Xconomy Boston — 

UniQure is trying to get to the finish line for a hemophilia B gene therapy by switching horses mid-race—and it says it has the blessing from regulators to make the unusual change.

The company had been testing a gene therapy candidate called AMT-060 in early-stage clinical trials, with good data to show for it. But uniQure, which has its operations in Amsterdam, the Netherlands, and Lexington, MA, now says a different therapy, AMT-061, should better prevent the bleeding experienced by hemophilia B patients. It will push into Phase 3 studies with AMT-061.

UniQure’s (NASDAQ: QURE) stock price soared by more than 50 percent to $14.25 per share following the announcement Thursday.

Hemophilia B patients have a genetic mutation that leads to defective or missing factor IX (FIX), a clotting protein. Without it, patients are more susceptible to bleeding, both internally and externally. UniQure says AMT-060 and AMT-061 are identical, except that AMT-061 substitutes two nucleotides in the coding sequence. The company says this change increases the activity of FIX, including the levels of the protein circulating in the blood and the clotting that the protein is meant to do.

In a conference call, chief scientific officer Sander van Deventer said a study of AMT-061 in non-human primates showed FIX activity 6.5 times higher than AMT-060. Furthermore, the study revealed no significant toxicity findings. Van Deventer said uniQure will present the study at the American Society of Hematology conference in December.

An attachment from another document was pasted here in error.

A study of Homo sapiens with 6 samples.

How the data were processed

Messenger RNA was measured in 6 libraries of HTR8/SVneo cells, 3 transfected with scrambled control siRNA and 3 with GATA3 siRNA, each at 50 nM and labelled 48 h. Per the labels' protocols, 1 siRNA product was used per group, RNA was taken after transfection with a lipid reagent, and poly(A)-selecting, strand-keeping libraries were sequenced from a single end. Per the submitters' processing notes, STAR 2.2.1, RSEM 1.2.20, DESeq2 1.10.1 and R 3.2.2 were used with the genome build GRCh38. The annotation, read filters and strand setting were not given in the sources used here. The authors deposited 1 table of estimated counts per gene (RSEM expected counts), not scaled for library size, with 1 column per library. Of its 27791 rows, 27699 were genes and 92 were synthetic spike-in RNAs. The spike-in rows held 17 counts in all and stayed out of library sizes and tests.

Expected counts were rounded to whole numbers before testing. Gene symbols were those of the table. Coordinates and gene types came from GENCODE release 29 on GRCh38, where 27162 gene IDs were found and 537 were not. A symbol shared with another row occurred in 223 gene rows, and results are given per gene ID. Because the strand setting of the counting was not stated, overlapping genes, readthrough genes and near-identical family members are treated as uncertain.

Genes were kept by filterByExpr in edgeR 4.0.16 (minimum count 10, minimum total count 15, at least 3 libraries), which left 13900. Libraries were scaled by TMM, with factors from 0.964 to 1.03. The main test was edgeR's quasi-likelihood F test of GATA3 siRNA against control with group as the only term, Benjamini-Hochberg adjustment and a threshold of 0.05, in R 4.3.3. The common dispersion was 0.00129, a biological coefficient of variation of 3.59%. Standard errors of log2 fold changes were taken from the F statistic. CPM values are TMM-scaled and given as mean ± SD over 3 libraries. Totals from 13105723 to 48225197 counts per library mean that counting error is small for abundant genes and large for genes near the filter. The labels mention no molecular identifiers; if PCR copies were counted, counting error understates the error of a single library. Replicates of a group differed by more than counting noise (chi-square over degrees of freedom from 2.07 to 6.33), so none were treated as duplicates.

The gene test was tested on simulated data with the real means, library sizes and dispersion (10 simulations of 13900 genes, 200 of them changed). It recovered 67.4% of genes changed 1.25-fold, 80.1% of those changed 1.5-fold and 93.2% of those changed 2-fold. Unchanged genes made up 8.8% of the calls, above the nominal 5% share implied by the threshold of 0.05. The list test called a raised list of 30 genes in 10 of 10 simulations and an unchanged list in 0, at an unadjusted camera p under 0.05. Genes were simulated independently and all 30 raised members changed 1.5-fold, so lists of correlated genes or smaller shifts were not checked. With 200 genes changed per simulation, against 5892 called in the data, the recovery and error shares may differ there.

The safety and efficacy groundwork laid by AMT-060, already tested in 10 patients in a Phase 1/2 study, will carry over to AMT-061. Both U.S. and European regulators will allow the new drug to carry on under rules that speed up the review of medicines for unmet needs.

The new plans mark a turnaround for uniQure, which began a corporate restructuring nearly a year ago. Though in 2012 it became the first company to win regulatory approval for a gene therapy, Glybera, the rare-disease treatment was a commercial flop. In April, uniQure pulled the therapy from Europe, the only market where it was approved. The corporate restructuring refocused uniQure on hemophilia B and other programs.

In hemophilia B, uniQure is in a race against Spark Therapeutics (NASDAQ: ONCE), whose gene therapy candidate in early clinical studies has the backing of drug giant Pfizer (NYSE: PFE). Philadelphia-based Spark is currently awaiting an FDA decision on a different gene therapy, a treatment for inherited retinal disorders that lead to blindness.

Steve Zelenkofske, uniQure’s chief medical officer, said a pivotal Phase 3 study of AMT-061 could begin enrolling patients in the third quarter of next year. The study will be an open label, single-dose trial that will evaluate the safety and efficacy of the therapy in 30-50 patient patients who have severe or moderately severe hemophilia B. The main goal would be to show that the therapy is not inferior to the standard of care in preventing bleeding. Patients will be their own control, observed for six months to establish a baseline before being transferred to the uniQure therapy. Before that trial begins, uniQure will run a short study in three patients to lock in the right dose.

In a separate but related announcement, uniQure said that it has acquired the patents that cover the genetic variant for FIX used in AMT-061 and its use in gene therapy to treat bleeding disorders.